EL-ARISH, Egypt — A powerful explosion killed five Egyptian police conscripts and an officer near the border town of Rafah in the restive Sinai Peninsula early Tuesday, in an attack that bore the hallmarks of a local al-Qaida-inspired group, Egyptian security officials said.
The Interior Ministry and a security official said the bomb was hidden deep under the asphalt of a highway, in an area called Wadi Halfa, where a joint police and army force was passing early in the morning.
The official said the blast shredded the armored vehicle and tore the policemen's bodies to pieces. The force was assigned to detect explosives but it was unclear if they were searching for them at the time of the attack.
No further details were immediately available. The official spoke on condition of anonymity because he is not authorized to brief the media.
Islamic extremists have escalated attacks over the past year against police and army personnel in retaliation for the military-led ouster of Islamist President Mohammed Morsi in July 2013 after mass demonstrations against him. Suicide bombings, assassinations and roadside bombs have claimed the lives of dozens of policemen and army officers. Recently, militants have beheaded men they accused of spying on them for Israeli intelligence.
Authorities blame Morsi's Muslim Brotherhood group for the violence, allegations denied by the Brotherhood. An al-Qaida-inspired group known as Ansar Beit al-Maqdis has claimed responsibility for most of the major attacks. The group says it is avenging the authorities' extensive crackdown on Morsi's Islamist supporters, which has seen hundreds killed in street clashes and thousands detained.
The insurgency is more intense in the Sinai Peninsula, home to Ansar Beit al-Maqdis and other extremist militants. For years, the northern region bordering Gaza and Israel has been a militant stronghold and a conduit for the smuggling of weapons and other goods.
Tuesday's bombing is identical to a Sept. 2 explosion that killed 11 police officers in the same area, also with an underground roadside bomb detonated by remote.
Ansar Beit al-Maqdis claimed responsibility for the attack days later, posting a video showing its preparation and execution as militants shouted "God is great."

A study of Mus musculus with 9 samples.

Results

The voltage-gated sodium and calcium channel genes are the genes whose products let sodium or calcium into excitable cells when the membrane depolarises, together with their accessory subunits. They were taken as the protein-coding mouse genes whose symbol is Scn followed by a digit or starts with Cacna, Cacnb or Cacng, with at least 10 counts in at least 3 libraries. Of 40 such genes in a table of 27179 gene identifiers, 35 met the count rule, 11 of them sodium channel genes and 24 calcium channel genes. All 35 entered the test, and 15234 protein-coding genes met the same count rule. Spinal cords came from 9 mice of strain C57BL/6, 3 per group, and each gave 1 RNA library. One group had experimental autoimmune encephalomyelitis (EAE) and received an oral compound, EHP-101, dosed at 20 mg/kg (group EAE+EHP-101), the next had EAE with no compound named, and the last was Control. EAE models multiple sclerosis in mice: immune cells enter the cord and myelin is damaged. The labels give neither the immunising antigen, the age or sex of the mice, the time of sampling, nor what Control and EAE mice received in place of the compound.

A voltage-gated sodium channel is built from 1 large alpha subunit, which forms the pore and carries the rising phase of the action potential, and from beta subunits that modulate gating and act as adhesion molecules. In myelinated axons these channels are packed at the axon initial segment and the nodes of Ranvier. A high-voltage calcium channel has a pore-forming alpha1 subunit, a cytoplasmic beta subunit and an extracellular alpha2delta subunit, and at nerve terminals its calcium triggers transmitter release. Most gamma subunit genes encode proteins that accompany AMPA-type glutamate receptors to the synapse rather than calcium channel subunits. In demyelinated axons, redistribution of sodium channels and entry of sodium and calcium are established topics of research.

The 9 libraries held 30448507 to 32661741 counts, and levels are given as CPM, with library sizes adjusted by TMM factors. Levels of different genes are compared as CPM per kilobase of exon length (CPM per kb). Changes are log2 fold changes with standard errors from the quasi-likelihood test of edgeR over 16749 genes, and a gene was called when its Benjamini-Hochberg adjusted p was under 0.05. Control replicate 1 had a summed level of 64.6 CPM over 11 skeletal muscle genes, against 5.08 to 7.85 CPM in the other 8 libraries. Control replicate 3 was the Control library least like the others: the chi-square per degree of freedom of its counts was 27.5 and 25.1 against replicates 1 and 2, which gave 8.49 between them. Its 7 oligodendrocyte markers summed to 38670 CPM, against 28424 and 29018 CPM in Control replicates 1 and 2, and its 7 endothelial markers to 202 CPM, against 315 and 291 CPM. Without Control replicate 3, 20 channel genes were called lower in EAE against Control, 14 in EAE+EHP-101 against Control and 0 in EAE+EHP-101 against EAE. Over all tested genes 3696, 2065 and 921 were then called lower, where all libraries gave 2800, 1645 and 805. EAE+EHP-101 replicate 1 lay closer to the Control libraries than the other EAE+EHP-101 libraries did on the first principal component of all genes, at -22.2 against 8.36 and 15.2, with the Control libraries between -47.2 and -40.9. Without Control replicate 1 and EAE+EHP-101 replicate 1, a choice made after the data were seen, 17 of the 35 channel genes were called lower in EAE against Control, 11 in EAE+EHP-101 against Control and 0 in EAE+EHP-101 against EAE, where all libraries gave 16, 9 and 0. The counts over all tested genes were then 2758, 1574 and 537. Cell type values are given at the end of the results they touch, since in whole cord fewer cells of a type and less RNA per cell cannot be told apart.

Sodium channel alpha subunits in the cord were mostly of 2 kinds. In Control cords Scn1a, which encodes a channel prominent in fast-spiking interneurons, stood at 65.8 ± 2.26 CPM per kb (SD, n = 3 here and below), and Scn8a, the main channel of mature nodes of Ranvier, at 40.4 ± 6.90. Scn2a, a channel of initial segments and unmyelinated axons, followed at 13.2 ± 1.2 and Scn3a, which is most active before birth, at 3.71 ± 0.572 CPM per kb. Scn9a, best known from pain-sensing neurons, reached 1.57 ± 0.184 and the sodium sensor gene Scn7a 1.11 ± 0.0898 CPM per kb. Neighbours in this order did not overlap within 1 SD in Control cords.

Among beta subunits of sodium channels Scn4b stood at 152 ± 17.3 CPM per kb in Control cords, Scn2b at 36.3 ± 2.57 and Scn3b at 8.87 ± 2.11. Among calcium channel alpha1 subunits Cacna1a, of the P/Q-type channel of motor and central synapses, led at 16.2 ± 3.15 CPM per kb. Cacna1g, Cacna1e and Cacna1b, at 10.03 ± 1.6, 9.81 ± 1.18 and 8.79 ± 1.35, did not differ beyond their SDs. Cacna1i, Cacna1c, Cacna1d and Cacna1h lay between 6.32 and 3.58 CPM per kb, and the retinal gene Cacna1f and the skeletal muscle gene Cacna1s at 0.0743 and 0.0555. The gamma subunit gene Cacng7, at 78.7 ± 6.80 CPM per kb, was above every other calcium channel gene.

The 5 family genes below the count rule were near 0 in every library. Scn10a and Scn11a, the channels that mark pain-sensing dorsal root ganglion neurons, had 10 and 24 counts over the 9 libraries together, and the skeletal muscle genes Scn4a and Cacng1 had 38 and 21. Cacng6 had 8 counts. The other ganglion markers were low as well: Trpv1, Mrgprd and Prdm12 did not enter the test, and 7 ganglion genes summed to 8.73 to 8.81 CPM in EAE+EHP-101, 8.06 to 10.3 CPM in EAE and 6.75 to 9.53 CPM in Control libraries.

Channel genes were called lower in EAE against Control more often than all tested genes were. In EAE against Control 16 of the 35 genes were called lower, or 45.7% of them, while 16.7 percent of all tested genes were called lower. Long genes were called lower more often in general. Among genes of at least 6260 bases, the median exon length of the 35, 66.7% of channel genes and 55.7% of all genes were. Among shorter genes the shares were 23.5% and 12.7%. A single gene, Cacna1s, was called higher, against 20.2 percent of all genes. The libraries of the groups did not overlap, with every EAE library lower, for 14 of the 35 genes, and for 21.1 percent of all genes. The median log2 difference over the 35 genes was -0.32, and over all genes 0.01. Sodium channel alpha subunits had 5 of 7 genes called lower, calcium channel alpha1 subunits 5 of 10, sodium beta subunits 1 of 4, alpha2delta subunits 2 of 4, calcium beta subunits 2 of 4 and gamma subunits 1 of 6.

Since Morsi's ouster, Egypt's military and police have launched a wide offensive against the militants. On Monday, the military said its troops had killed 56 militants and seized a large amount of explosives since Aug. 31.
Authorities have also adopted a tough line on demonstrations, passing a draconian law last year that criminalizes all unauthorized protests and arresting Islamist and non-Islamist activists alike, including leading secular figures from the massive protests that toppled President Hosni Mubarak in 2011.
A government body is working on drafting amendments to the disputed protest law, which bans demonstrations without a police permit, Transitional Justice Ministry spokesman Mahmoud Abdel-Bari told The Associated Press on Tuesday.
Abdel-Bari said the ministry will announce a draft law within days, after considering demands for lighter penalties than the existing "heavy ones" and changes in procedures related to obtaining permits. After the ministry drafts the law, it will be up to the Cabinet and the president to enact them.
The changes were initially presented by the state-run National Human Rights Council following a discussion over the law between its head and President Abdel-Fattah el-Sissi.
A council member, Gamal Fahmy, said one amendment would require organizers to merely notify police rather than secure a permit. If security authorities have objections, they could then seek a court ruling.
"It will be the judge who rules whether these objections are valid or not," Fahmy said. Above all, he said, the proposed law imposes only fines and not prison time on those who violate it.
The original law was enacted last November, five months after Morsi's ouster. It bans public gatherings of more than 10 people without prior police approval. The permit should be obtained three days in advance. It imposes hefty fines and prison terms for violators. It also empowered security agencies to use force to break up protests.
Nearly two months after the law went into effect, several icons of Egypt's 2011 uprising were imprisoned for violating it.